Join us for a new series of stories from the Center for Local History highlighting members of our community who made a difference in ways that helped shape our history and created positive change.
Their voices were not always loud, but what they said or did had a significant impact on our community.
In 1965, Hall’s Hill/High View Park resident Portia Haskins filed suit against the Virginia Board of Elections and the Arlington County general registrar after learning she was required to re-register in order to vote in the upcoming election, despite having already paid her poll taxes in February and having registered for federal elections the previous year.
On April 1, 1966, in the case Portia A. Haskins v. Levin Nock Davis et al., a Federal District Court ruled in Haskins’ favor arguing that “[t]he provisions of Virginia’s dual voter registration…which treat persons who are registered only for federal elections differently from persons registered for all elections violate the equal protection laws of the 14th Amendment.” This landmark decision eliminated what was essentially a selectively administered and enforced poll tax imposed chiefly on African-American voters in Arlington County.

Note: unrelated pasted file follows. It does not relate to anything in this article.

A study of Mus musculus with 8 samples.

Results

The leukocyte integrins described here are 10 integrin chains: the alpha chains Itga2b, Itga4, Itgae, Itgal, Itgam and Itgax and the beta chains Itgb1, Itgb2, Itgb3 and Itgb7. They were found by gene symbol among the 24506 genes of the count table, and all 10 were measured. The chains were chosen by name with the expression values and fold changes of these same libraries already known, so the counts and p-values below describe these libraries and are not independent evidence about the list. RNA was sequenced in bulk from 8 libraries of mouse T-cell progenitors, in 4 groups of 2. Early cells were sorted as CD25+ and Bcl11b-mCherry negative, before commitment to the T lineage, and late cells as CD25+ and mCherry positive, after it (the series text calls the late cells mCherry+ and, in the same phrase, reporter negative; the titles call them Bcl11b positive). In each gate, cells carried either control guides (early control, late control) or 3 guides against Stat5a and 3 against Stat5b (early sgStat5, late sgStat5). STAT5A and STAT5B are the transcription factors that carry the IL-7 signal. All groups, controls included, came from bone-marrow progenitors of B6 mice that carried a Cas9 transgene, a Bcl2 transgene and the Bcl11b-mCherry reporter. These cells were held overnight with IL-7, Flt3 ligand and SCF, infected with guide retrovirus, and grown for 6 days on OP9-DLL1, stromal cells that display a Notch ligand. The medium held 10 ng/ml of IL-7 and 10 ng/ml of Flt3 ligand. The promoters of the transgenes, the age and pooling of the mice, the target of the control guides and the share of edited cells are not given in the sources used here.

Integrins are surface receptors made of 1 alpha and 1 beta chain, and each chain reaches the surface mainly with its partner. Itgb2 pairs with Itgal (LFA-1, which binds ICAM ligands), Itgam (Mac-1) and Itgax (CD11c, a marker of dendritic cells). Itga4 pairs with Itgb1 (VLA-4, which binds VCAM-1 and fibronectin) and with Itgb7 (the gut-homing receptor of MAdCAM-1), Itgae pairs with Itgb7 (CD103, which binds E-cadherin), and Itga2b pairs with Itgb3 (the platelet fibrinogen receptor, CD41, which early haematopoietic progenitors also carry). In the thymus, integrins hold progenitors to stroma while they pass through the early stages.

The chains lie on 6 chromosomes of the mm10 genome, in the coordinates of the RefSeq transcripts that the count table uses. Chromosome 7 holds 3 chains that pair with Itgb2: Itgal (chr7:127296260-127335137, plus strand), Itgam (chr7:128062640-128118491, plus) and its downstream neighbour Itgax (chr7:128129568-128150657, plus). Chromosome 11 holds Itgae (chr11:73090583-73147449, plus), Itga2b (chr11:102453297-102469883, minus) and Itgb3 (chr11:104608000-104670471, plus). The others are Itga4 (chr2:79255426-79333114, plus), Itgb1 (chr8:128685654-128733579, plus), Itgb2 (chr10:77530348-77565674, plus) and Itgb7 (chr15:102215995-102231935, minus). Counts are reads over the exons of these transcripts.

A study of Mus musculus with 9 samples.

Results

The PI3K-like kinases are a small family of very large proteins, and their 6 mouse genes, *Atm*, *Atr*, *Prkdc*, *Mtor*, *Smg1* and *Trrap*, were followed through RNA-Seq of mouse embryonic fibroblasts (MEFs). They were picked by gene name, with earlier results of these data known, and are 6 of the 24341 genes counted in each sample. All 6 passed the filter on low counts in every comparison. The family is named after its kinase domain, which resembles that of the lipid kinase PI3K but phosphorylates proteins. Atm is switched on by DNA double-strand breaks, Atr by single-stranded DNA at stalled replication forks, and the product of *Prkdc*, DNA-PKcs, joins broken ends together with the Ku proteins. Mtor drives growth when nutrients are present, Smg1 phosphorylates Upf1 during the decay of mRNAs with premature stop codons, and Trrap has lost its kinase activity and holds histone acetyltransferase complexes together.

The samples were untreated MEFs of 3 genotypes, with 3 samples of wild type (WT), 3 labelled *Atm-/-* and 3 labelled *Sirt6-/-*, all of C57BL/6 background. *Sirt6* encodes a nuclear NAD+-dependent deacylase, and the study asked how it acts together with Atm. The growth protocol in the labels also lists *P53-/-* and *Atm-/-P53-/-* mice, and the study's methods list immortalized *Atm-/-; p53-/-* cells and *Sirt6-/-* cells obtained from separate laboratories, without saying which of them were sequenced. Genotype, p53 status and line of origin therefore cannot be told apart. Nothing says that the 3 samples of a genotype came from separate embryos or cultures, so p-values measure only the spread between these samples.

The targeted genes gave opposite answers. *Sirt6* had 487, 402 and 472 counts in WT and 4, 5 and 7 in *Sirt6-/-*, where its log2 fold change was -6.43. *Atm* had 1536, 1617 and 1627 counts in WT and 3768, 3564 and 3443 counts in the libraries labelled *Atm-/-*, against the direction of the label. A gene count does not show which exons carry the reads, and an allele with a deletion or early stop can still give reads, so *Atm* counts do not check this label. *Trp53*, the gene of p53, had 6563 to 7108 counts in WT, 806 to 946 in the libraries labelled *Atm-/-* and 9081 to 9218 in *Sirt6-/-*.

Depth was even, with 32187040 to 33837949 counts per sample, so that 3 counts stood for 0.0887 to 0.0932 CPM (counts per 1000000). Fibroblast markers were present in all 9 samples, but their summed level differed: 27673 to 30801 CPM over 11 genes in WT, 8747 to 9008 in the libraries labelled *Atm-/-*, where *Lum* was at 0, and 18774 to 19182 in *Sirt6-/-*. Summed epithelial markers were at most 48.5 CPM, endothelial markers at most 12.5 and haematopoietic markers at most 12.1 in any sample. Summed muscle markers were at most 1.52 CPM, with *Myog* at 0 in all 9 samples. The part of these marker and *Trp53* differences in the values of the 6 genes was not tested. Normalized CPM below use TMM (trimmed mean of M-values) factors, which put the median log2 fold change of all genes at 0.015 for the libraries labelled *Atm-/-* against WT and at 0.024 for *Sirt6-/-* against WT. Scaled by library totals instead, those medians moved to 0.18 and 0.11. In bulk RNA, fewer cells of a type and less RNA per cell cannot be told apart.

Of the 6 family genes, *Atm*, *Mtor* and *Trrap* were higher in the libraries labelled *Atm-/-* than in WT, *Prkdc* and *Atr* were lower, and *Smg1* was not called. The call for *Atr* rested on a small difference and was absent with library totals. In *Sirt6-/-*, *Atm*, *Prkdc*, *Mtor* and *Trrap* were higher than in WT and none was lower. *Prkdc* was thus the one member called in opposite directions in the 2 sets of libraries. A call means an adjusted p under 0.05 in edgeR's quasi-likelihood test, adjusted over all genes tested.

Photograph of Portia Haskins. Date of Photo Unknown.
Recent events have shown that progress is a process and part of an ongoing struggle. Accomplishments both great and small are seldom an endpoint but are a constant series of steps forward which cannot be taken for granted.
Portia Haskins has recently completed and published a book on the history of Mt. Salvation Baptist Church.